How to pair wines with Chinese food
Unlike Western meals, which are served in prescribed order and arrive in multiple courses, the challenge of pairing wines with Asian meals is that food comes all at once, they mix seafoods with beef and chicken, and they run the gamut from sweet and sour to kicky, spicy heat.india Updated: May 28, 2012 14:18 IST
Unlike Western meals, which are served in prescribed order and arrive in multiple courses, the challenge of pairing wines with Asian meals is that food comes all at once, they mix seafoods with beef and chicken, and they run the gamut from sweet and sour to kicky, spicy heat.
But in advance of Vinexpo, a major wine trade fair set to open in Hong Kong this week, wine experts and sommeliers offer a few tips on how to heighten a Chinese meal with the right glass of vino.
After testing out recipes and wine pairings for a month before the grand opening of Shang Palace restaurant in Paris, sommelier Cédric Maupoint created a wine list that includes Rieslings from the Alsace region of France, white wines from Burgundy and red wines from Bordeaux, he told Relaxnews. Shang Palace earned its first Michelin star this year and is helmed by Cantonese chef Frank Xu in the luxurious Shangri-La Hotel.
With dim sum as a specialty, Maupoint recommends pairing dishes with a dry white Riesling or a Chablis from Vincent Dauvissat.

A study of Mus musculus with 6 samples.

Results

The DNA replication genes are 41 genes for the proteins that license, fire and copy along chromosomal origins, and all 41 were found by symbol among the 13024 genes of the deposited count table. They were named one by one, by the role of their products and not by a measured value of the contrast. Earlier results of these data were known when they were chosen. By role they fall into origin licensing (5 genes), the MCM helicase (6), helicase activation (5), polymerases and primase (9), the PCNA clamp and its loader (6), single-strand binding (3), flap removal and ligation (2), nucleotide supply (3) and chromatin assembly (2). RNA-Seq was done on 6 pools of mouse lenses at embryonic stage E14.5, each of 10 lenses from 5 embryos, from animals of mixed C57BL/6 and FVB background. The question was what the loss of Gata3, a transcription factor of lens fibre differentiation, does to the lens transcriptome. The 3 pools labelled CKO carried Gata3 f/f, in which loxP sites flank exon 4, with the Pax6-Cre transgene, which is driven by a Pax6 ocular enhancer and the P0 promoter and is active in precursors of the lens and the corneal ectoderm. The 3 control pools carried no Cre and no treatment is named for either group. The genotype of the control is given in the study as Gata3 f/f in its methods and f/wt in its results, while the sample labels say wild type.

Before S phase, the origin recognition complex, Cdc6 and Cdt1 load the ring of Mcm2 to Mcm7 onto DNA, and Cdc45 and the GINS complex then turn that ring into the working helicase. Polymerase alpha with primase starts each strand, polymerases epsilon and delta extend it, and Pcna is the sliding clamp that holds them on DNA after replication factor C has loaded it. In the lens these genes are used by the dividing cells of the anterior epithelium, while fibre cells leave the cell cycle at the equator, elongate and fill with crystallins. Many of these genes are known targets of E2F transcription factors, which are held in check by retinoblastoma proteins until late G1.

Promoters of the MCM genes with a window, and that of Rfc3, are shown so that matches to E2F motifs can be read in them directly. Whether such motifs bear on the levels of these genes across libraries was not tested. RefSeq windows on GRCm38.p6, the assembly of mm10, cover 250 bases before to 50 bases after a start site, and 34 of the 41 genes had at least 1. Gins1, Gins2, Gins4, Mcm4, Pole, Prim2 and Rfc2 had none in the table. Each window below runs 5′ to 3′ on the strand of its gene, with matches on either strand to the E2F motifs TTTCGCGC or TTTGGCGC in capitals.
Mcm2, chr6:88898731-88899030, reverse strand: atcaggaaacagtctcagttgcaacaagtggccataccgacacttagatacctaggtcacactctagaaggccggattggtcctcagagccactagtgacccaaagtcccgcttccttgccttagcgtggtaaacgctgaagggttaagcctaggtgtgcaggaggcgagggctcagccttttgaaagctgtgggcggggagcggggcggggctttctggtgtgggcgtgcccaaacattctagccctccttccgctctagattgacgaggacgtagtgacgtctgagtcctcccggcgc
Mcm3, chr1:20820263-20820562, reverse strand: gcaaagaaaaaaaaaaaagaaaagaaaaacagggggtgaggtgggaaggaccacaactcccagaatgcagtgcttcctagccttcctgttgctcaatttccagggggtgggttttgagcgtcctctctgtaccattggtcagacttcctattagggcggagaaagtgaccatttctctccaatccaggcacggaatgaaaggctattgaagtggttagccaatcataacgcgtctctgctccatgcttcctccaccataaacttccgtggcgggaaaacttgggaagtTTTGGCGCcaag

For kickier dishes from the Szechuan region where liberal amounts of garlic, ginger, and Szechuan peppercorns are used, Maupoint suggests a young Burgundy like Vosne Romanée from David Duband, or a Châteauneuf du Pape from Clos Du Caillou.
Meanwhile, Singapore-based Decanter wine columnist Poh Tiong, author of 108 Great Chinese Dishes Paired, suggests staying with dry to off-dry Rieslings, dry to demi-sec Chenin blancs, or Hunger Valley Semillons if dishes are heavy on aromatics like chili pepper, lemongrass, cilantro and garlic.
And Jeannie Cho Lee, author of Mastering Wine for the Asian Palate, offers a few general guidelines on her website which suggests pairing sour flavors like tamarind and green mangoes with crisp, white or medium-bodied red wines with high acidity, for example.
Salty dishes dominated by soy, oyster or bean paste, meanwhile, go well with either white or red wines with soft tannins, while dishes made with fermented beans, mushrooms or dried, cured meats that impart umami are best paired with mature wines with ‘well-knit' tannins and restrained fruit character.
Lee is the first person of Asian descent to be awarded the Master of Wine title and writes Asianpalate.com.